As we got packing to fly back home my mother had two special requests: could I set up the cable box in the guest room so it actually works (this involved plugging it in), and did I want to take all these 8-millimeter film reels? I didn't, because when I'd last looked at them a dozen years or so ago it seemed to be home prints of ordinary short films, Three Stooges and the like. My mother said my father would be heartbroken since they were family home movies. Somehow I'd missed the family home movies in the mix, and that of course changes everything drastically. Since we didn't have time to deal with them, I promised to do something about them next time I visited.
The horrible news my father had delivered the previous night was true, though: the Regent Diner had had a fire, and was closed. This fire --- it happened back in February, apparently --- broke our streak of returning to the first place we ate together each time we were together in New Jersey. We can only hope it reopens someday.
I did later tell my parents that my father was right. My mother's comment was that there must be something going around burning down diners in central New Jersey. I didn't find any news items about the Golden Bell being on fire.
So we had lunch at a Jersey Mike's instead, and drove to the Trenton airport which is delightfully cute by day, too. Less delightful is that our suitcase turned out to be overweight. I have a luggage scale for just this sort of contingency, but had left it in the guest room and now it's who knows where in the house. So we started shuffling stuff from the suitcase to our carry-ons, which causes weight to magically disappear from flights, and got in under the suitcase weight limit. This created problems at the screening, because I'd moved my toiletries from the suitcase to carry-on, and of course, I had a tube of toothpaste, the deadliest substance known to air-travelling mankind in it.
After the security theater folks explained in their passive-aggressive way that a tube of Crest can't just be flown somewhere unless it's in checked baggage, and I was trying to bring it on a carry-on they finally allowed me to throw it out already. This left my carry-on stuff --- books, laptop, lots of wires, surviving toiletries --- in a mess, and one of the agents told me I could use the table they have for extra screening to put it back in order. There's no other space inside the quarantined area, which is about the size of a Vanagon interior. While I worked another agent told me that I can't use the table for extra screening to put things back in order. I pointed out that I had to put things back in order and the other agent had told me to use the table. She explained again that I could not use the table to put things back in order. I repeated my explanation, without suggesting that maybe the agents should sometimes talk with one another, while putting stuff back and because I have got this compulsive orderly personality was able to get things in tolerable shape before she went around to explaining again.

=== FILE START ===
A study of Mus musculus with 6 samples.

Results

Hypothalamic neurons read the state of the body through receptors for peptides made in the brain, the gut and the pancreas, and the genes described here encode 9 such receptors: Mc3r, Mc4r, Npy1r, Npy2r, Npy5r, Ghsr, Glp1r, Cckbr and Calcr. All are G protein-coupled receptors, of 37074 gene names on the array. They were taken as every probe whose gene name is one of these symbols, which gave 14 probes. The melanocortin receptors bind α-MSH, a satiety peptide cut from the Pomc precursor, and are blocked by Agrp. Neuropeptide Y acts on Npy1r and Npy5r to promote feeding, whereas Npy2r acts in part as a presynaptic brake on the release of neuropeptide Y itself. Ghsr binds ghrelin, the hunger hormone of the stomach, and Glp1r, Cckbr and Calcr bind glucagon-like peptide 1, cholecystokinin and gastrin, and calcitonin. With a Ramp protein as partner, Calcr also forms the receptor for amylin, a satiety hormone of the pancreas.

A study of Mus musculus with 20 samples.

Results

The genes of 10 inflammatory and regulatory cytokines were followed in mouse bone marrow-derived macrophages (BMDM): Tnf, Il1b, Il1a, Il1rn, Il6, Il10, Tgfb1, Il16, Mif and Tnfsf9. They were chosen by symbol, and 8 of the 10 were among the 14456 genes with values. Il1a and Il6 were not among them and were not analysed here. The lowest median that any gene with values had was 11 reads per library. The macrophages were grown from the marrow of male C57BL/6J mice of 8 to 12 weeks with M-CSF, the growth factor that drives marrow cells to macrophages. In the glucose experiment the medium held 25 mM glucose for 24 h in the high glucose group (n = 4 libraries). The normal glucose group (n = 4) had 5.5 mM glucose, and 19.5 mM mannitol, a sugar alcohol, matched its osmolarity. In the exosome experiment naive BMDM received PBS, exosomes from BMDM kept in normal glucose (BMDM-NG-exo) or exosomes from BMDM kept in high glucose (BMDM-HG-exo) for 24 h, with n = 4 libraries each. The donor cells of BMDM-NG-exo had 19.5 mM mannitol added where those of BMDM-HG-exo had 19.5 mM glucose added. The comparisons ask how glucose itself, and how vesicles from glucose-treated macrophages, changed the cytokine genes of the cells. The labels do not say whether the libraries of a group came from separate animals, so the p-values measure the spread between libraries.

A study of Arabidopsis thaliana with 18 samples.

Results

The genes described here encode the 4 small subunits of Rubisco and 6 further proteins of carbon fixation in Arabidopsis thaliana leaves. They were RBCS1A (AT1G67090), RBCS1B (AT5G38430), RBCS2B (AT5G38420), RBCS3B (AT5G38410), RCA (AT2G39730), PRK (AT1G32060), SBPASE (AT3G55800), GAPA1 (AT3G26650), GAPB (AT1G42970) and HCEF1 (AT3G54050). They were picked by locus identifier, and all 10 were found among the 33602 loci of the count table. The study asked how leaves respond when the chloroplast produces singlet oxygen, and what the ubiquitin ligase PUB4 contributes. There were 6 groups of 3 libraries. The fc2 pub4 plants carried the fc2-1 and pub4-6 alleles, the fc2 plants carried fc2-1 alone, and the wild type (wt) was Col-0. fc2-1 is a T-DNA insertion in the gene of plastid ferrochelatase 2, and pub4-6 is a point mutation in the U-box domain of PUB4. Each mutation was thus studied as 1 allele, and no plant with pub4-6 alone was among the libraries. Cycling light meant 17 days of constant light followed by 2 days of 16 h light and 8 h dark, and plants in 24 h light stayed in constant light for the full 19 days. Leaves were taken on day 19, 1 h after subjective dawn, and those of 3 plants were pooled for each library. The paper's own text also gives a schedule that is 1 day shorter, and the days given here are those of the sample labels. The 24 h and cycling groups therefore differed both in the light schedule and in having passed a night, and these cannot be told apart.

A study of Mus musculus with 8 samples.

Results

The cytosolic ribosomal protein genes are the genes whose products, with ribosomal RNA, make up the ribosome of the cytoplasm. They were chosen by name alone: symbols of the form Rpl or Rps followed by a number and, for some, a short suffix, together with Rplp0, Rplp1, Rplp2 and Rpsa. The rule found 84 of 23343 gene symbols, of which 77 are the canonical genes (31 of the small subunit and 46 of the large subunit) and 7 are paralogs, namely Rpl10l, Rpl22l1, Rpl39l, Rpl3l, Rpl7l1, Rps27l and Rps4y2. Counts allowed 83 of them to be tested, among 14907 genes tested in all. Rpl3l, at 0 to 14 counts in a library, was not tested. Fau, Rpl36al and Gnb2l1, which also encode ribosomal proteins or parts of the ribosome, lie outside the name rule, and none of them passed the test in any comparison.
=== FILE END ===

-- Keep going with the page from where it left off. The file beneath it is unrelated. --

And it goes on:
So, we flew home, and we got to the our car without trouble and drove home just fine and collapsed exhausted from it all.
A footnote. When I said I bought multiple bolts from the Casino Pier wild mouse, I was being a bit vague. I'd bought four, and gave bunny_hugger two of them, figuring that I could keep the other two for a surprise later gift. I'd left them in the suitcase and didn't think of them. She ran across them while unpacking, though, and wasn't sure how our little bolt supply had grown. So I explained my plan, and she was sorry to have spoiled the surprise.
Of course, it was a surprise after all, and that was what's most important.
Trivia: About 75 Apollo Guidance Computers were built, of which a third flew in space. Source: A History Of Modern Computing, Paul E Ceruzzi.
Currently Reading: Astounding Days, Arthur C Clarke.